US money and capitol building

An Extraodinary Thing

An extraordinary thing has happened. The United States budget deficit improved dramatically in FY2013; and it did so without hurling the US economy into a severe recession. Taxes went up and government spending went down. As a result, for the fiscal year ending 30 September 2013, the government's budget deficit fell by 38%, or by $409 billion, to $680 billion from $1,089 billion in FY2012 (and from a peak of $1,413 billion in 2009). This was the first year since 2008 that the budget deficit was less than $1 trillion.

As a percentage of GDP, the budget deficit declined by 2.7 percentage points from 6.8% of GDP in FY2012 to 4.1% of GDP in FY2013. It peaked at 9.8% of GDP in FY2009.

Under normal circumstances such a sharp reduction in the budget deficit would have caused the GDP to be at least 2.7 percentage points lower (and probably closer to 4.0 percentage points lower, taking into consideration the multiplier effect) than it otherwise would have been. The increase in taxes would have reduced personal consumption, while the reduction in government spending would have directly reduced the size of the economy. This would almost certainly have thrown the economy into recession.

The fact that the US economy still managed to grow by an average of 1.6% during the last four quarters can only be explained by one thing: Quantitative Easing. During FY2013, the Fed created nearly $1 trillion of fiat money, an amount roughly equivalent to 6% of GDP. It injected that money into the economy by buying government bonds and mortgage backed securities. In this way, QE pushed up asset prices, most notably the price of stocks and property; and rising asset prices created a wealth effect that fuelled consumption and economic growth - despite the severe government austerity.

Before discussing the budget in greater detail, I would like to point out here that it is very important for investors to monitor the size of the US budget deficit relative to the size of QE. The government's budget deficit sucks liquidity out of the economy. QE pumps it in. When QE is larger than the budget deficit - as it is now - there is a great deal of excess liquidity that tends to push asset prices higher.

I have developed a "Liquidity Gauge" to measure the extent to which liquidity is excessive or inadequate. For a full explanation of the Liquidity Gauge and how it can be used as a tool to anticipate the direction of asset prices, please see Macro Watch, Fourth Quarter 2013:

http://www.richdad.com/Resources/Rich-Dad-Financial-Education-Blog/November-2013/announcing-macro-watch-richard-duncans-video-news.aspx

Now, back to the budget. Here are some of the budget details that I believe are important and interesting.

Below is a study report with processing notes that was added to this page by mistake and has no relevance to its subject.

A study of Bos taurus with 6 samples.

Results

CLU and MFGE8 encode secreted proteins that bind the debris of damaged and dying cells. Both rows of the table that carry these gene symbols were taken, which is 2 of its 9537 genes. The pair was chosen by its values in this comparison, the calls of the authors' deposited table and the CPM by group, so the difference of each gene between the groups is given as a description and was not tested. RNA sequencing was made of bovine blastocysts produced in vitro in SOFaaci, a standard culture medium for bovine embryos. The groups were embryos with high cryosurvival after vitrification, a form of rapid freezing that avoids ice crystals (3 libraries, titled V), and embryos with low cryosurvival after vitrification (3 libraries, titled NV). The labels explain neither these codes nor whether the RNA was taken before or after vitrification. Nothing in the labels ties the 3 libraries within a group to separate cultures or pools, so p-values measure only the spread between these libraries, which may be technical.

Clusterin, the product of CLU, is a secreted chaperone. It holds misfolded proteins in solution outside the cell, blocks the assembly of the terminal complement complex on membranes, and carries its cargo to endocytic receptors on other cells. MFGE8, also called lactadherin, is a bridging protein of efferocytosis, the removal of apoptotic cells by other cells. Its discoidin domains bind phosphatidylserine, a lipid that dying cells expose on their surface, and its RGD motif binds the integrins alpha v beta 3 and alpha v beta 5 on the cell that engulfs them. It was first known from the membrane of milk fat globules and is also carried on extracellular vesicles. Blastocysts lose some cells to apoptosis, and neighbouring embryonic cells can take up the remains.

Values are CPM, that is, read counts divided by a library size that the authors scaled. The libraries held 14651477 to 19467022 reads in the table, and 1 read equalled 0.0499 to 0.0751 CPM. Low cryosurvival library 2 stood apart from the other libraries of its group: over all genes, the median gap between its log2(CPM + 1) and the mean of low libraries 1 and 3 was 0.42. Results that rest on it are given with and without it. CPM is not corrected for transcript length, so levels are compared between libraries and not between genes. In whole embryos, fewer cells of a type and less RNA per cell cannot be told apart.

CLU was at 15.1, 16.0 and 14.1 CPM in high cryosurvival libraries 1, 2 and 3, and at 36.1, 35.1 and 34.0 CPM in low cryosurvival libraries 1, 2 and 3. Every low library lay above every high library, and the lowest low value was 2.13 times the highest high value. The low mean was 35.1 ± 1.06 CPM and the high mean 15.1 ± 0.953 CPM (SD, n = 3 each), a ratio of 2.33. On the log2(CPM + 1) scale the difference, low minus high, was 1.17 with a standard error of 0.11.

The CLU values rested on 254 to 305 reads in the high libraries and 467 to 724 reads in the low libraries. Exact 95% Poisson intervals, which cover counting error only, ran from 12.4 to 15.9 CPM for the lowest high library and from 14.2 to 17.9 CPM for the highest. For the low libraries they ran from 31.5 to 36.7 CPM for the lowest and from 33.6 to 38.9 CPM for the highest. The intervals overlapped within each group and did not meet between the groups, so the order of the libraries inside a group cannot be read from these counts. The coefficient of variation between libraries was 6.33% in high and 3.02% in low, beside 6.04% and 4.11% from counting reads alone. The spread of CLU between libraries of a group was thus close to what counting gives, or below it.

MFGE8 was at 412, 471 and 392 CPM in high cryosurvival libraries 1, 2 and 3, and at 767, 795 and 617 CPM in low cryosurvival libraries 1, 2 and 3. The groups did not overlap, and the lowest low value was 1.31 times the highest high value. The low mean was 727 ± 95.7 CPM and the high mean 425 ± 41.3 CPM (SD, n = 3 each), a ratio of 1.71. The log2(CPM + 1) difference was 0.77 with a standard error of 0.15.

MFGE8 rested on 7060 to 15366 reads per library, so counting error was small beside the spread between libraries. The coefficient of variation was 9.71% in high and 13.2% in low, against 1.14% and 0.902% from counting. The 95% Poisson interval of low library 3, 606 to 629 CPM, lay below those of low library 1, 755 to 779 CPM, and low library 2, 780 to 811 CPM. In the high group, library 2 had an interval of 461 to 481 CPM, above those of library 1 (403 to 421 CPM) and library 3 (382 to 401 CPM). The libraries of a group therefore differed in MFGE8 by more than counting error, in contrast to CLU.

• Government spending declined for the second year in a row in FY2013. This was the first time that government spending has fallen two years straight since 1955.

  • Total government spending fell by 2.4%, or $84 billion, to $3,454 billion. That amount was equivalent to 20.8% of GDP. That was lower than the 22.0% of GDP recorded in FY2012, but still above the 40-year average of 20.4%.

  • Defense spending fell by 7.2%, or $47 billion, to $608 billion. This was the second year of decline, after growing at an annual rate of 6.2% over the previous five years.

  • Spending on unemployment benefits declined by 25%, or $24 billion, to $80 billion.

  • Spending on Homeland Security increased by 21%, or $10 billion, to $57 billion.

  • Interest expense on the government's debt increased by 16%, or $56 billion, to $416 billion.

  • Spending related to Veterans Affairs increased by 12%, or $14 billion, to $138 billion.

  • Outlays for Medicare rose by $11 billion or by 2%. This was a slower rate of increase than the 5% average over the previous five years.

  • Fannie Mae, which had returned to profitability, repaid $50 billion to the government.

  • Government revenues increased by 13%, or $325 billion, to $2,774 billion, a new all time high.

  • As a percentage of GDP, government revenues rose from 15.2% in FY2012 to 16.7% of GDP in FY2013. However, they remained below the average over the past 40 years of 17.4%.

  • Individual income taxes increased by 16%, or by $184 billion, to $1,316 billion.

  • Payroll taxes rose by 12%, or $103 billion, to $948 billion due to the expiry of the temporary 2-percentage point reduction put into place during the crisis.

  • Corporate taxes increased by 12.9%, or $31 billion, to $274 billion.

  • The Fed handed over $76 billion of its profits to the Treasury Department. This was less than the $82 billion it gave the government in FY2012. This drop came as a surprise to me since the Fed should have earned more, given the much larger size of its balance sheet in FY2013.

Looking ahead, the Congressional Budget Office has forecast that the government's budget deficit will fall further in FY2014 to $560 billion or 3.4% of GDP. The decline in the budget deficit since FY2012 represents a very significant improvement in the United States finances over a very short period of time. The economy has weathered this fiscal austerity much better than could have been expected. Its next challenge will be to weather the end of the Fed's monetary largess. Things could soon get rough. QE tapering is fast approaching.